COMMODITIES-Markets tumble as growth fears return
* Weak German data, euro zone crisis re-ignite growth fears
* Crude oil down more than 1 percent
* Copper at one-week low; gold slips from 6-1/2-month top
* Soybeans at lowest levels since mid-August
By Barani Krishnan
NEW YORK, Sept 24 (Reuters) - Commodities fell back Monday, resuming last week's downtrend, after disappointing German economic data and the euro zone's unresolved debt crisis reinforced concerns over slowing global growth.
Copper prices hit a one-week bottom after a September reading on German business sentiment dropped for a fifth successive month to the lowest since 2010. The reading showed that even Europe's No. 1 economy was succumbing to a regional downturn despite stimulus efforts by the European Central Bank.
Crude oil joined the rout, falling more than 1 percent, after a China Beige Book survey detecting a downturn in business optimism added to investor caution on the global economy.
Soybeans fell below the key $16 level the first time in 11 weeks, hurt by a record harvesting pace for the crop in the United States and the dollar's surge to a one-week high against the euro.
The stronger dollar also undermined gold, knocking it off a seven-month high perch reached the previous session.
"There continues to be a concern that there is a global economic slowdown underway," said Bart Melek, head commodity strategist with TD Bank Financial Group.
The bellwether Thomson Reuters-Jefferies CRB commodities index fell 1 percent, touching its lowest since August 20. The CRB had fallen nearly 4 percent last week -- marking its sharpest weekly loss since early June -- after closing down in four of the five sessions.
Up until last week, the CRB had rallied for seven straight weeks from the end of July, as investment funds bought into oil, metals and crop markets, anticipating higher prices from stimulus measures by the ECB and the U.S. Federal Reserve.
Trade data from the Commodity Futures Trading Commision showed that bullish bets on U.S. commodities held by hedge funds and other big speculators rose by $30 billion since the end of July.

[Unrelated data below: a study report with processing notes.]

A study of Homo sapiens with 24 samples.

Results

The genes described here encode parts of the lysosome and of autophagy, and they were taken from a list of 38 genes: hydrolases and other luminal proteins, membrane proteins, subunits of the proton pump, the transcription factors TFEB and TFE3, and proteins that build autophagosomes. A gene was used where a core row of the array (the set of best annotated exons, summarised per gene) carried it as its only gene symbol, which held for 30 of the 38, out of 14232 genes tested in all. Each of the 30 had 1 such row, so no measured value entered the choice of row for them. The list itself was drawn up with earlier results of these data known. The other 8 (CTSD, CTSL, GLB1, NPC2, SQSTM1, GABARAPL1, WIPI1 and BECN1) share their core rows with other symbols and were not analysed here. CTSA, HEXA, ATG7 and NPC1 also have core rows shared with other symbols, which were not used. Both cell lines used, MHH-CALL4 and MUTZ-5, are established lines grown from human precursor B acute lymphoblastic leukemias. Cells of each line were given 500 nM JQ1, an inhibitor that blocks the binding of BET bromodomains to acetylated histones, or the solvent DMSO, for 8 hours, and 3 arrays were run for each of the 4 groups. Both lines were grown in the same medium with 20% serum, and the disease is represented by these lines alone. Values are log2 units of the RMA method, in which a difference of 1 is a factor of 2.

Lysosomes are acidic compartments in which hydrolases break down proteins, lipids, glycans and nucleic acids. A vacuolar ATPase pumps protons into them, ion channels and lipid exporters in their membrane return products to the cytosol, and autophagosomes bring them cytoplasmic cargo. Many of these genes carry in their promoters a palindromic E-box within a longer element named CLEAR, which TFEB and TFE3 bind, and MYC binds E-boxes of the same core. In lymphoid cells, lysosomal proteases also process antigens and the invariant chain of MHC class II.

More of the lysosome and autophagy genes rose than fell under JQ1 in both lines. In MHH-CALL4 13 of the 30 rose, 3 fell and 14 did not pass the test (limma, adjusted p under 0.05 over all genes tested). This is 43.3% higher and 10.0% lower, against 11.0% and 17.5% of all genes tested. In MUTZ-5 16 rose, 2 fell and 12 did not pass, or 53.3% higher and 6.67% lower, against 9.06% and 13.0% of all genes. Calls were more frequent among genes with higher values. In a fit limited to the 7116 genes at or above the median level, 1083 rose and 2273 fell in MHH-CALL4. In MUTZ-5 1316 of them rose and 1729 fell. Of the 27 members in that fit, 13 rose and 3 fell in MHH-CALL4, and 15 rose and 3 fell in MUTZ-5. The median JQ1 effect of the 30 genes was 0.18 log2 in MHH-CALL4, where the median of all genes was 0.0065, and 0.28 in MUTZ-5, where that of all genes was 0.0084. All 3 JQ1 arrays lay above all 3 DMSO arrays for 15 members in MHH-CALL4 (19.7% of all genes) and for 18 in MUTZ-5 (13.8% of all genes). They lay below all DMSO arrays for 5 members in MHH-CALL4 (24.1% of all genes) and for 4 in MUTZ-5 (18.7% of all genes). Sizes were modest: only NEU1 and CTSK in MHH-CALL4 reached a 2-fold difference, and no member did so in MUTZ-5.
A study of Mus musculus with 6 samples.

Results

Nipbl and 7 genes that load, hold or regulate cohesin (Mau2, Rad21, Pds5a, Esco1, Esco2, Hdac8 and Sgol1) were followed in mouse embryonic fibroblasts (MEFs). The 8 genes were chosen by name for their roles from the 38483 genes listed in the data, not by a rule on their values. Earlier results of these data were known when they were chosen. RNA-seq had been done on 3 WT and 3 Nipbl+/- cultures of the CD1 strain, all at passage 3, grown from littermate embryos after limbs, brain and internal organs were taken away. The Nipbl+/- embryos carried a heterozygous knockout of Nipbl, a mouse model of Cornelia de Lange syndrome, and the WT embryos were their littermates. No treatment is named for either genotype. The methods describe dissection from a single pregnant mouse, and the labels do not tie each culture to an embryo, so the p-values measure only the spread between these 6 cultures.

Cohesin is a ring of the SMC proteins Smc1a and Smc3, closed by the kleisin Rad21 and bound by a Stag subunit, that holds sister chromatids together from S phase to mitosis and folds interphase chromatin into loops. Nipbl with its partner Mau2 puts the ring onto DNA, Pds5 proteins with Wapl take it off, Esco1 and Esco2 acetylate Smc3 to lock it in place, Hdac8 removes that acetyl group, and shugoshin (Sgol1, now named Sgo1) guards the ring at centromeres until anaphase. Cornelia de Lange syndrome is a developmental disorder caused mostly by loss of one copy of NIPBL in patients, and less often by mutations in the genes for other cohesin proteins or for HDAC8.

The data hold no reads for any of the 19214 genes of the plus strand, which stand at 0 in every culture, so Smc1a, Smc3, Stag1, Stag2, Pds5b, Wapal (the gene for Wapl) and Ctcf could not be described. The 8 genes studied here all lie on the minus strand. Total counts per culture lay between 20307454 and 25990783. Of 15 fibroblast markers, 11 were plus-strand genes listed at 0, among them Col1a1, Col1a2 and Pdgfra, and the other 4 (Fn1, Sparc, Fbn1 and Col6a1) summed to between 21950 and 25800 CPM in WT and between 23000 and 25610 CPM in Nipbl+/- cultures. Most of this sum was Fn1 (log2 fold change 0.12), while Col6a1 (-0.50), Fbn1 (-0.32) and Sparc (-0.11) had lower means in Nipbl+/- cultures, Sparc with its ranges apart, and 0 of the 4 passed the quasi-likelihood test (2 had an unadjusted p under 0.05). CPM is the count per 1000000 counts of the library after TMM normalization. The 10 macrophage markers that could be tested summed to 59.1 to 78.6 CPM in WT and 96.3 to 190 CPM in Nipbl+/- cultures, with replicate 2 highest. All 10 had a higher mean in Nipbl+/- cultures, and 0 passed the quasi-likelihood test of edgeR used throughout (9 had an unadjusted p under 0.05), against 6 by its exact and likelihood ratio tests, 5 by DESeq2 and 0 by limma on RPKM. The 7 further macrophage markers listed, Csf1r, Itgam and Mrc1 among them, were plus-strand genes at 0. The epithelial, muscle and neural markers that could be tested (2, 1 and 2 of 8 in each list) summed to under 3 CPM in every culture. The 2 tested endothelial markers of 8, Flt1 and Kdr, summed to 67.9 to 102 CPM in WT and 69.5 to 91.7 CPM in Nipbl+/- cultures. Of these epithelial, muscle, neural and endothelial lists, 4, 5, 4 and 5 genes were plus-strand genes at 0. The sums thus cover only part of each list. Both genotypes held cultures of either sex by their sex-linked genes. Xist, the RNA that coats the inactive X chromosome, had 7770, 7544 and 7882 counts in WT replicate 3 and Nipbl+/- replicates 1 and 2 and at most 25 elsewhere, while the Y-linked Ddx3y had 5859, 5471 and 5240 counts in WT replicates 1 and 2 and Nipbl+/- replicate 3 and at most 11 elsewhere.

In Monday's trade, seventeen of the 19 commodity markets tracked by the CRB settled in the red. Orange juice led the index's losses, falling more than 5 percent, while cocoa , aluminum and silver lost about 2 percent or more.
Copper futures on the London Metal Exchange fell to their lowest levels since Sept. 13 -- retreating from last week's 4-1/2-month peak attained on the back of a $150 billion infrastructure plan in China and the promise of policy easing by the ECB and U.S. Federal Reserve.
LME's three-month copper dropped $98.50 to finish at $8,183 a tonne, after an intraday bottom at $8,150. U.S. copper futures for December shed 5.75 cents, or 1.5 percent, To settle at $3.7315 per lb in New York.
"There is a lot of concern that the actual, physical demand for this stuff is not going to materialize for a while," TD Bank's Melek said, referring to copper.
In oil, London's benchmark Brent crude closed down $1.61, or 1.4 percent, at $109.81 a barrel, after trading below $108. U.S. crude's front-month contract in New York settled off 96 cents, or 1 percent, at $91.93.
Brent dropped 4.5 percent last week, while U.S. crude lost 6.2 percent on increasing concerns about demand for petroleum and indications that Saudi Arabia intends to supply enough oil to lower prices and alleviate any need for the United States and other consumer nations to release oil reserves.
In gold, traders said the precious metal was showing signs of fatigue after five straight weeks of higher prices. Repeated failures to break above key technical resistance above $1,790 an ounce to set a new 2012 high also prompted some investors to lighten their bullish bets.
The spot price of gold, which tracks trades in bullion , was down 0.6 percent at $1,762.20 an ounce by 2:11 p.m. EDT (1811 GMT). On Friday, gold hit a high of $1,787.20, just short of this year's peak of $1,790.30 reached on Feb. 29.
U.S. gold futures for December delivery settled down $13.40 an ounce at $1,764.60.
"There is no question that gold is consolidating its recent gains, but every dip seems to be bought," said Anthony Neglia, president of Tower Trading and COMEX gold options floor trader.
Palladium was another precious metal that sold off, tumbling 4 percent for its biggest one-day decline since March on signs that output was returning to normal in top producer South Africa.
In the case of soybeans, the benchmark November contract at the Chicago Board of Trade dropped to a session low of$15.90-1/4 a bushel in Asian trading and trimmed its decline during the U.S. session, before settling at a 6-week low.
The spot contract is down more than 10 percent in three weeks on profit-taking and the reduction of investor risk after it hit a record high of $17.94-3/4. Prices had soared as the worst U.S. drought in half a century devastated crops in the world's top grains exporter.
U.S. soybean prices remain 12 percent higher from the start of June, when the drought began to fuel a powerful rally.